March 20, 2007
"My husband used to joke with me all the time and say I was like a doll. He'd say, he'd 'lay me down anywhere and your eyes close. You're gone.'"
Stella Parolisi used to have no trouble sleeping, but two years ago that changed. "It's not like I am worrying about things. I don't know what the problem is. I just, wake up," she said.
Stella is like 30 percent of Americans who struggle with insomnia. Now, she is hoping to get rid of those sleepless nights by participating in a study performed by UVa's Dr. Lee Ritterband called Sleeping Healthy Using the Internet or SHUTi.
SHUTi is a web-based program that is different than websites before because it acts as the user's own personal therapist, offering specific, customized tips and instructions.
"The users are asked to put a lot of information into it,” explained Dr. Ritterband. "Their sleep habits, their sleep routine, when they are waking and sleeping. And then, the computer can take that information and tailor the program to that individual user's issues."
If the study proves SHUTi is successful in combating insomnia, Dr. Ritterband says it could represent the wave of the future in health care; a health care that makes help more accessible and more affordable.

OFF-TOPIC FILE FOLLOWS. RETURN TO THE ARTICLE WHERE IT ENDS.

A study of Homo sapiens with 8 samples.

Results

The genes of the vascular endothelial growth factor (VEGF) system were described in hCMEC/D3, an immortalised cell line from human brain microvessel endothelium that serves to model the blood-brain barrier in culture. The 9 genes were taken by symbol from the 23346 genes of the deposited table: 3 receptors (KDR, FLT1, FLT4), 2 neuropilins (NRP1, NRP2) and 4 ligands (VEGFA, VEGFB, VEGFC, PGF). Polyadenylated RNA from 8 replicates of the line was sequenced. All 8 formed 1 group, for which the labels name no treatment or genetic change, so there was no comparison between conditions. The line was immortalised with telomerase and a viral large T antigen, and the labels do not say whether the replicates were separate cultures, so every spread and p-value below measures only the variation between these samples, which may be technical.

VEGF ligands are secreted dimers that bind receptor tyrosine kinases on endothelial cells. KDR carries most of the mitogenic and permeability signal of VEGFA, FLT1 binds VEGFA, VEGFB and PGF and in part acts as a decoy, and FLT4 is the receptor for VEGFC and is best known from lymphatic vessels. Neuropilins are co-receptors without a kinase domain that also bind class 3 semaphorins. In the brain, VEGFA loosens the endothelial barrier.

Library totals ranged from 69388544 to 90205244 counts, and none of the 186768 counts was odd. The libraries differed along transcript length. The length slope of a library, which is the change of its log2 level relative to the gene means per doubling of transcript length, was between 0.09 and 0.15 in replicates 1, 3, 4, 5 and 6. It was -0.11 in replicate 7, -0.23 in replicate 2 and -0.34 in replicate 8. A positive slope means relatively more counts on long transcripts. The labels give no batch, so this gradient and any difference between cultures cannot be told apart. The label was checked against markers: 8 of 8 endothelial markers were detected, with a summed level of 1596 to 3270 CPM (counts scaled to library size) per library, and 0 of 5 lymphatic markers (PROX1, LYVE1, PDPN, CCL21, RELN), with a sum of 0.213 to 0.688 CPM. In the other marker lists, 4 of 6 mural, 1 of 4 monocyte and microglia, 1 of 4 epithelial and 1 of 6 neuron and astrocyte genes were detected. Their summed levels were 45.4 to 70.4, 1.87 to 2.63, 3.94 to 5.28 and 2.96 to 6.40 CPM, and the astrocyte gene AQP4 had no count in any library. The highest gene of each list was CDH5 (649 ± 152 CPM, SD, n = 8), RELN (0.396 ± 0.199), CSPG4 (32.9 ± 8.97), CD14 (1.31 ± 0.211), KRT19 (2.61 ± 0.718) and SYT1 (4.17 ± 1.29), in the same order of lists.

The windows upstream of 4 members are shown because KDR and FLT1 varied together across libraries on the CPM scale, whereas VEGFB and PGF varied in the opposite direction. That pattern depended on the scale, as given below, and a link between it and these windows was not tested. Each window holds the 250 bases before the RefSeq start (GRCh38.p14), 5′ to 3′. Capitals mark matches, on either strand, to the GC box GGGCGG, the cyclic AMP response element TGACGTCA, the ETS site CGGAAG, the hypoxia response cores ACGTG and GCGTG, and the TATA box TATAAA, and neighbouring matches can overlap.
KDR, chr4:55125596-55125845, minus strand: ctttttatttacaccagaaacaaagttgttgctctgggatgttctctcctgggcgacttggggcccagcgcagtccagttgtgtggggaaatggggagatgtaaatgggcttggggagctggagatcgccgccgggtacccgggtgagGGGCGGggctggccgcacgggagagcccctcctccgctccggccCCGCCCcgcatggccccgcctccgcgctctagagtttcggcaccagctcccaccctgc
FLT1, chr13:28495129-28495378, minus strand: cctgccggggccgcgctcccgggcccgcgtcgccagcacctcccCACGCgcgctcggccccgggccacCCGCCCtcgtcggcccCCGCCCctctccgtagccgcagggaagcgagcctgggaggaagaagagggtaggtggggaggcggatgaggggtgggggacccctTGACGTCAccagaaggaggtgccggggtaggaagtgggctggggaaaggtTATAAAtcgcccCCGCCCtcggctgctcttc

"People can go online. They can identify the program that might be helpful to them. They can pay their subscription. It would [be] incredibly cheaper than going to a hospital or seeing a therapist," cited the doctor.
Today, Stella is tirelessly working to be a good sleeper again. She is diligently filling out her online sleep diary and even wears a watch that monitors her activity so Dr. Ritterband can tell when she is awake and when she is asleep.
She is in her seventh week of the study now and she is hopeful to be like a 'doll' again. "I slept three hours in a row in one segment, which is really good," she said of her experience so far with the study.
The SHUTi study is still in its infancy and is accepting participants. In addition to the treatment, participants also get paid $100.00.